US release: 3/16/29.
Not available on VHS or DVD.
Cast: William Haines, Joan Crawford (as "Susie"), Karl Dane, Tenen Holtz, Eddie Nugent, Jack Roper, Delmer Daves, Luke Cosgrave, Herbert Prior.
Credits: From the story by Lucien Cary. Adaptation: Raymond Schrock and Dale Van Every. Director: James Cruze. Camera: Ira H. Morgan. Titles: Joe Farnham. Editor: George Hively.
Plot Summary: Directed by James Cruze, this silent drama stars William Haines as Duke, a wealthy young heir who takes up prizefighting in order to prove that he doesn't need his father's money to make it in life. However, when he meets a beautiful college co-ed named Susie (Joan Crawford), he decides to halt his boxing plans and enroll in college. Most of the co-eds' curiosities are piqued by their new student's chauffeur and house full of servants, but Duke (Haines) is only interested in Susie. Despite her initial dislike, the feeling eventually becomes mutual. Unfortunately for the both of them, Duke's trainer falsely informs Susie that Duke is dating a New York chorus girl. Things come to a head when Duke emerges victorious from a highly-anticipated San Francisco fight, and Susie learns that the student Duke is actually the boxer Duke--and that there is no chorus girl. ~ Tracie Cooper, All Movie Guide
Total Gross: $920,000 ($343,000 profit)
Mordaunt Hall in the New York Times
April 15, 1929
The irrepressible William Haines is to be seen cavorting, kissing and fighting in a picture called "The Duke Steps Out," which, except for synchronized orchestral and sound effects, is silent. It is an amusing chronicle in which Mr. Haines is permitted to do pretty much as he will, and now that he is not impersonating an army or a navy cadet one can pardon his interpretation of the Duke, whose last name is Wellington, for this character happens to be the scion of a wealthy family who is supposed to know how to use his fists. While he may devote a certain amount of thought to uppercuts and jabs, his brain apparently refuses to function over higher mathematics, Greek, Latin or modern languages.
The Duke is at his best, however, when confronted by a pretty girl. So infatuated is he with Sue Corbin that he gives his trainer and his Swedish valet a worrying time by insisting on entering the co-educational institution of Sierra as a student. Sue is the fairest and the most popular of the co-eds and her chief pursuits are going to football games and dances. She at first rebuffs the Duke, then smiles and, just before Sierra and the rest of the world learn of the Duke's pugilistic ability she becomes indignant because she believes that young man is not serious in his suit.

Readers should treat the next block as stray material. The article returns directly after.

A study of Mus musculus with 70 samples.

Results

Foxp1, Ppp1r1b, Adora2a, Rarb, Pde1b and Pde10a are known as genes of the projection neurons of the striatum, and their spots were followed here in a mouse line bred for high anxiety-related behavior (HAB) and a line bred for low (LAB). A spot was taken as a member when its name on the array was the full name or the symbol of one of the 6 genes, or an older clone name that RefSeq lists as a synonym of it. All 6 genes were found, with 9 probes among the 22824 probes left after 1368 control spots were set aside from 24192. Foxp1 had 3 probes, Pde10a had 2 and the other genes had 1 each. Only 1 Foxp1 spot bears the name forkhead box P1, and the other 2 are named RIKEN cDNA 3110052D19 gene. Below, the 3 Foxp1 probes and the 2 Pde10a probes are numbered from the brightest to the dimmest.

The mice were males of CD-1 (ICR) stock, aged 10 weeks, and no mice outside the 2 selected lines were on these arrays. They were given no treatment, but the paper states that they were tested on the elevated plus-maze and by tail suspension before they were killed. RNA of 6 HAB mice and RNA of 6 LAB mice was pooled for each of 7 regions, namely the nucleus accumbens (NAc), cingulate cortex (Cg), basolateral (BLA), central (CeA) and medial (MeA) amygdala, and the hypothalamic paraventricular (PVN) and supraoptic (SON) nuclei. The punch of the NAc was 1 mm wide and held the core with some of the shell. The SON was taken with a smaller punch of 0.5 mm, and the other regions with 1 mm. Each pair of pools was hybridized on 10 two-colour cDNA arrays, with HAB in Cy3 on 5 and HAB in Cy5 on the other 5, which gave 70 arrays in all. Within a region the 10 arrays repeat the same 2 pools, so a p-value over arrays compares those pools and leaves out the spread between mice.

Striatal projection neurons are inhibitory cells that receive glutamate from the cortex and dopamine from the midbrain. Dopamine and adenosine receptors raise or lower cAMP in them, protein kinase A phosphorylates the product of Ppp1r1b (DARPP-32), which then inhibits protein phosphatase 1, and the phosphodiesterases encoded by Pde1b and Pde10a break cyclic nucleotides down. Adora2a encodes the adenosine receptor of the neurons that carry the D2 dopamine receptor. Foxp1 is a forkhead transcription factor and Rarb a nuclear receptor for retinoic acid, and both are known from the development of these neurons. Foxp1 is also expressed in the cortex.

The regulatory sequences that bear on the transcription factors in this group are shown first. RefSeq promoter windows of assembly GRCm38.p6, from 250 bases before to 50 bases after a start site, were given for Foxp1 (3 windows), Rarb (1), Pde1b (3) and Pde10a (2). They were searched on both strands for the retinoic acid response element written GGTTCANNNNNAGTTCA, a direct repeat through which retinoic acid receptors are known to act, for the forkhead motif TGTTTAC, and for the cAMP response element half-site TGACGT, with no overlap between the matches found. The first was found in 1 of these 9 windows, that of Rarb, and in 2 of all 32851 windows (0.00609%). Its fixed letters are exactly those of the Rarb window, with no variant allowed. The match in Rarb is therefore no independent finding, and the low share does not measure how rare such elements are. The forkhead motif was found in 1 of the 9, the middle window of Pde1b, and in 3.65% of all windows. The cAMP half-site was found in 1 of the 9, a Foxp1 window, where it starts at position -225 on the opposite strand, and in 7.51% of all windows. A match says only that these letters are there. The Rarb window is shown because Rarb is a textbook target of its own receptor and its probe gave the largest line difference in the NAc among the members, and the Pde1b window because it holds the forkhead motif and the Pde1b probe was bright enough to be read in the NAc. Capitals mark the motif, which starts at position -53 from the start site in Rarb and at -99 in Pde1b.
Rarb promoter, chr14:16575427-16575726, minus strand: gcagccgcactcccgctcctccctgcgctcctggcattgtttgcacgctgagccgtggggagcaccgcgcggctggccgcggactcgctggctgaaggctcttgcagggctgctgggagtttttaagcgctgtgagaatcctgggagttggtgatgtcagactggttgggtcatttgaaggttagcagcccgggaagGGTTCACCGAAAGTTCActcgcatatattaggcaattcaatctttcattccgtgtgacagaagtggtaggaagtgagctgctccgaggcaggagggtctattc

James Cruze, producer of "The Covered Wagon" and a number of other film achievements, directed this subject. His skill with the camera and his keen sense of humor help as much as Mr. Haines's grimaces and gestures to make this an entertaining feature.
It begins with an inspiring sight of a vast throng at a football game and toward the close there are splendidly filmed scenes of a prize-fight, which are shrewdly spliced in with stretches of William Haines as the Duke giving and taking punches in the squared ring.
This Duke Wellington first looks seriously upon the captivating Sue, impersonated by Joan Crawford, in a train. His method of approach might sound the knell of any future flirtation in everyday life, but here merely irritates the girl. Persistence is evidently a sound quality in the Duke's nature, for despite Sue's aloofness and the frowns of other admirers the fighting son of wealth not only wins favor but he does so without permitting any of Sierra's young men to know how handy he is with his fists.
During a sequence when Sue and other students are listening over the radio they hear that the challenger for the pugilistic lightweight championship is none other than Duke Wellington, and more than one of the male students thank their lucky stars that they did not attempt to carry out some of the threats they made against the Duke.
Mr. Cruze finishes his picture in a happy fashion. In the ringside seats, while Duke is battling, are aged Professor Widdicomb and Sue's father. They arrange that there's a happy ending.
A laughable episode is that dealing with the Duke's training, when he has to look at his trainer and valet enjoying huge steaks while he, after a hard day's grind on the road and in the gymnasium, is permitted only a tiny lamb chop, which he likens to a necktie pin.
Karl Dane and Tenen Holtz contribute to the fun in this film. Miss Crawford is engaging and competent.
Harry Mines in the Los Angeles Daily News (1929)
Haines, always a charming and breezy comedian, outdoes many of his past efforts in this clever tale of a pugilist who falls for a college beauty. He scores tremendously in every sequence, particularly in those with Joan Crawford. Miss Crawford is as gorgeous as ever, and offers a vivid performance.
Another cream puff for the antics of the Metro-Goldwyn playboy Billy Haines.... A lightweight, friends, but amusing.